KNIT: Brioche Earwarmer

I almost named this blog after this brioche stitch earwarmer that I knit last winter. The brioche stitch was one that I had always loved because of its luscious, rich texture but had avoided trying again after my first failed attempt, which was soon after I picked up knitting again. Because I deemed it too complicated for me that day, I had built it up in my mind that it was just a stitch I wouldn't know how to do. In retrospect, it's kind of silly that I felt that the brioche stitch was simply not a possibility when I had learned and completed a project using the herringbone stitch, which is pretty complicated, too. It wasn't until a few years later that I willed myself to try again because what was I going to do with my spare time anyways (I only had three courses that semester and decided not to work since it was my last semester of university)?

And I'm so glad I did! This earwarmer is my favourite for many reasons. SUPER SOFTNESS: it's knit with Gypsy Gold by Bernat's Waverly line, which is likely the softest yarn I've worked with! Softness is definitely important when making something that's going to be in contact with your skin. SO WARM: because the brioche stitch creates a dramatized ribbed effect, it's pretty thick and full of layers. SIMPLE & VERSATILE: the brioche stitch is simple and classic, which means accessorizing with it is a breeze with most outfits. And lastly, this is one of my all-time favourite colours (:

Even though this earwarmer is a small project, I felt a sense of accomplishment for overcoming this knitting challenge! I was proud of myself for sticking to it and practicing the brioche stitch until I could finally grasp it and make something with it. That feeling of accomplishment lingered and played a big part in inspiring me to start a blog. I felt like journaling about the new things I try, challenges I attempt (like the brioche stitch!), and the positives of where I am now would motivate me to do exactly that, more often. So even though the word "brioche" didn't quite make it into the name of this blog, that's my goal for it: to motivate me to get out of my comfort zone regularly, whether it be as a small as trying out a difficult recipe and learning the basics of a DSLR or bigger-picture-esque things like choosing to change my perspective on materialism in my life.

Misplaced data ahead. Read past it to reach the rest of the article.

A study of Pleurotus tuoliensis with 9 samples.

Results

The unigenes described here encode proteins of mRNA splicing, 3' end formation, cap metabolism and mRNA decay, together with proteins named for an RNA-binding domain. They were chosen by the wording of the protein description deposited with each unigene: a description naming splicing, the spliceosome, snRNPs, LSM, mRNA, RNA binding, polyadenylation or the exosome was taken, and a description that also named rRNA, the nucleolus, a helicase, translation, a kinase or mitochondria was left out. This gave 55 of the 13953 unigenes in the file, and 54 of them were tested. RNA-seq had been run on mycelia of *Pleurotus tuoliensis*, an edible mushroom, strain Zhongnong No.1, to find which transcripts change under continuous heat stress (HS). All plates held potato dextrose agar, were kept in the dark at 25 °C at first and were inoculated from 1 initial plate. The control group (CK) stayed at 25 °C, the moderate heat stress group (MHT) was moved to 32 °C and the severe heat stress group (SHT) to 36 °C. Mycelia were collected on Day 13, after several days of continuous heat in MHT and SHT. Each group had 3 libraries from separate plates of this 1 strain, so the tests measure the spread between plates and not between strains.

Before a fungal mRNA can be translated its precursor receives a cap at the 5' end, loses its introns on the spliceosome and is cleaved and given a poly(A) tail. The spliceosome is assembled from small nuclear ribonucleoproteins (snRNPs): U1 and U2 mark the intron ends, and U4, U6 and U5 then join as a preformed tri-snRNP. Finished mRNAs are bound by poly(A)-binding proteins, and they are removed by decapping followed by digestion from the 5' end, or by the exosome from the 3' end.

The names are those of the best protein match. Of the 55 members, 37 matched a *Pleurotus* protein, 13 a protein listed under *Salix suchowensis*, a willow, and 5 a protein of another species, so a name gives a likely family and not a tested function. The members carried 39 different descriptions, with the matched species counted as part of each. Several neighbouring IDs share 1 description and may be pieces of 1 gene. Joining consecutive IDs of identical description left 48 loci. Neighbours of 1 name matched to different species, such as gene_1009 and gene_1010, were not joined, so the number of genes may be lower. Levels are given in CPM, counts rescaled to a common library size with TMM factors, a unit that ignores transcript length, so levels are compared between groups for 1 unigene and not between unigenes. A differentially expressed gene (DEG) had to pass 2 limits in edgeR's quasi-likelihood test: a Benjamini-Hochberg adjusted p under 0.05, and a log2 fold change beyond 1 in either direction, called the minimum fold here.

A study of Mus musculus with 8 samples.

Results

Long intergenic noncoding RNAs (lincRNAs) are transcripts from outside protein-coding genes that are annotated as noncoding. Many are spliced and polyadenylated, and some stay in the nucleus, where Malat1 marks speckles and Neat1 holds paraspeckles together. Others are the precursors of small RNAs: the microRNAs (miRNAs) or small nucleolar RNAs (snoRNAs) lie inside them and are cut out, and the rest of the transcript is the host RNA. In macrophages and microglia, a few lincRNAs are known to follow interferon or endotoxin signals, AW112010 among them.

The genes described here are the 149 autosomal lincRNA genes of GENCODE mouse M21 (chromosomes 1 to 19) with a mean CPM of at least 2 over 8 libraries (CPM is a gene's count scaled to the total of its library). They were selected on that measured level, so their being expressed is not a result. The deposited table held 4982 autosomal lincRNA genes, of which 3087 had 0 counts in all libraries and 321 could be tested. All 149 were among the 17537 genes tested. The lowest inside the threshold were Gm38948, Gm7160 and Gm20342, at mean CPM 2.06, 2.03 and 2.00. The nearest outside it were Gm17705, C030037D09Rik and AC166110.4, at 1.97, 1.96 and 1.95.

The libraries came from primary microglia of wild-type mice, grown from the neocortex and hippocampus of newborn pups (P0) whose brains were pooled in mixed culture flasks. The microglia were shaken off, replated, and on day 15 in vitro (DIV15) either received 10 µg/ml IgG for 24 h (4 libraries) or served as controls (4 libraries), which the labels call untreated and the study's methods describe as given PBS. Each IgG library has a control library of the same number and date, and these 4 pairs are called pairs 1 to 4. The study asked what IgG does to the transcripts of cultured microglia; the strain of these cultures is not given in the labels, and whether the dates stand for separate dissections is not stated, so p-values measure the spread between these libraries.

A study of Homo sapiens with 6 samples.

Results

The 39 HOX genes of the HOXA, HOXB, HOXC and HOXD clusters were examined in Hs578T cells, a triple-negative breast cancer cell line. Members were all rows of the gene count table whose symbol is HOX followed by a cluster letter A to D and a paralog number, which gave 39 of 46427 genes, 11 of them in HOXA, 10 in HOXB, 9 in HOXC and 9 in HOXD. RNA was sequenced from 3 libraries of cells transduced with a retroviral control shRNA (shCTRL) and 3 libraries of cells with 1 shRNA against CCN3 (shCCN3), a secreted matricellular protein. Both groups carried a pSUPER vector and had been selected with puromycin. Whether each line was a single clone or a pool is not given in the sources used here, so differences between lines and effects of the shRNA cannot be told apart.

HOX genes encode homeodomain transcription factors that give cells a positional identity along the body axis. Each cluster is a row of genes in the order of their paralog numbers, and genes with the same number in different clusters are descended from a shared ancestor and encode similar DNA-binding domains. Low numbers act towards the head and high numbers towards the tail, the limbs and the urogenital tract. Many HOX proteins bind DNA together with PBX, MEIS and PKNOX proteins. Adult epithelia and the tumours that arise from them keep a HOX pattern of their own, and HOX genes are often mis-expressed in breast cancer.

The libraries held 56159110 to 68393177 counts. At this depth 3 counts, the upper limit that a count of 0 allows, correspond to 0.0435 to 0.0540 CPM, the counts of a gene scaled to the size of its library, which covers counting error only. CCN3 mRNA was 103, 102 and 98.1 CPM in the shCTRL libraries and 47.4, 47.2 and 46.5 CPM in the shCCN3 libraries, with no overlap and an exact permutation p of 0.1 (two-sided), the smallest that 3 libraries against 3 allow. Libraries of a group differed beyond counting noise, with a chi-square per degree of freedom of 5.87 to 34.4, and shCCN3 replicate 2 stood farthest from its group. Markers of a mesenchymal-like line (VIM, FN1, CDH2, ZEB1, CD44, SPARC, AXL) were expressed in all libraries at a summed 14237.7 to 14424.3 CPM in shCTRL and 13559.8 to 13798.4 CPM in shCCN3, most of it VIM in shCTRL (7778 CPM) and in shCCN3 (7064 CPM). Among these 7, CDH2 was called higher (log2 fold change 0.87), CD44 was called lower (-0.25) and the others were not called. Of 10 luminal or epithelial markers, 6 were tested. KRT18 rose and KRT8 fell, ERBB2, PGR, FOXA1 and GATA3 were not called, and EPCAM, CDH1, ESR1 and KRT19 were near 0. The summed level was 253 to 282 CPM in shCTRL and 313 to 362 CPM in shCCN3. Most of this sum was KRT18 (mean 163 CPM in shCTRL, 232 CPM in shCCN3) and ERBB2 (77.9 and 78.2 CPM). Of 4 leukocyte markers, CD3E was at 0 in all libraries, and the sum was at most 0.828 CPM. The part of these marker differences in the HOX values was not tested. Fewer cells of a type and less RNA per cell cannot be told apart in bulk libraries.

And you'll meet Niresha in a friend feature series that I'll be doing later on, but here's a snippet of her talent: she took all the photos in this post for me! Thanks, Neenee (:

**Warning! The brioche stitch tutorial linked to below may look intimidating and complicated (or maybe that's just how I felt when I first scrolled through it!) but if I can do it, you can do it too! You won't find another stitch like it!

Brioche Earwarmer  by Hannah J

Supplies: 4.0mm knitting needles, worsted yarn of your choice, scissors
Yarn Used: Gypsy Gold from Bernat's Waverly line

1/  Loosely cast on an even number of stitches to desired width of headband (I used 14 stitches). 
2/  Learn from the best: follow directions and pictures provided by PurlBee to create the brioche stitch here
3/  After you've knit the Set-Up Row, continue repeating Row 1 until you've reached the length of the  circumference of your head. 
4/  Using a yarn needle, weave ends together. Cut the yarn, leaving a long tail. 
5/  Wrap the tail around the seam to cinch the headband. Stop at desired thickness.

Alternatively, you could sew the ends together and have a headband without the cinch or even twist the headband before sewing the ends together to create another look. 

If you decide to try out the brioche stitch or already have used it for a project, I'd love to see them! Please tag me on Instagram @leehannahj or Twitter @jleeyua.


  1. Super pretty earwarmer, and super pretty you! Love the red lips (:

    1. Thanks, Erika (: Wish you were here to model for me & do my make-up for future photoshoots!

  2. Looks great, Hannah!

    Whenever I knit, I need to rest one of the needles down to wrap the yarn around it. Have you mastered the technique of keeping both needles in hand?! To be honest, I don't think I ever will... :)

    1. Thanks Ela! Haha, I have yet to master knitting technique, too...I don't know if I ever will either :P

  3. So lovely Hannah! Photographs are gorgeous~~!!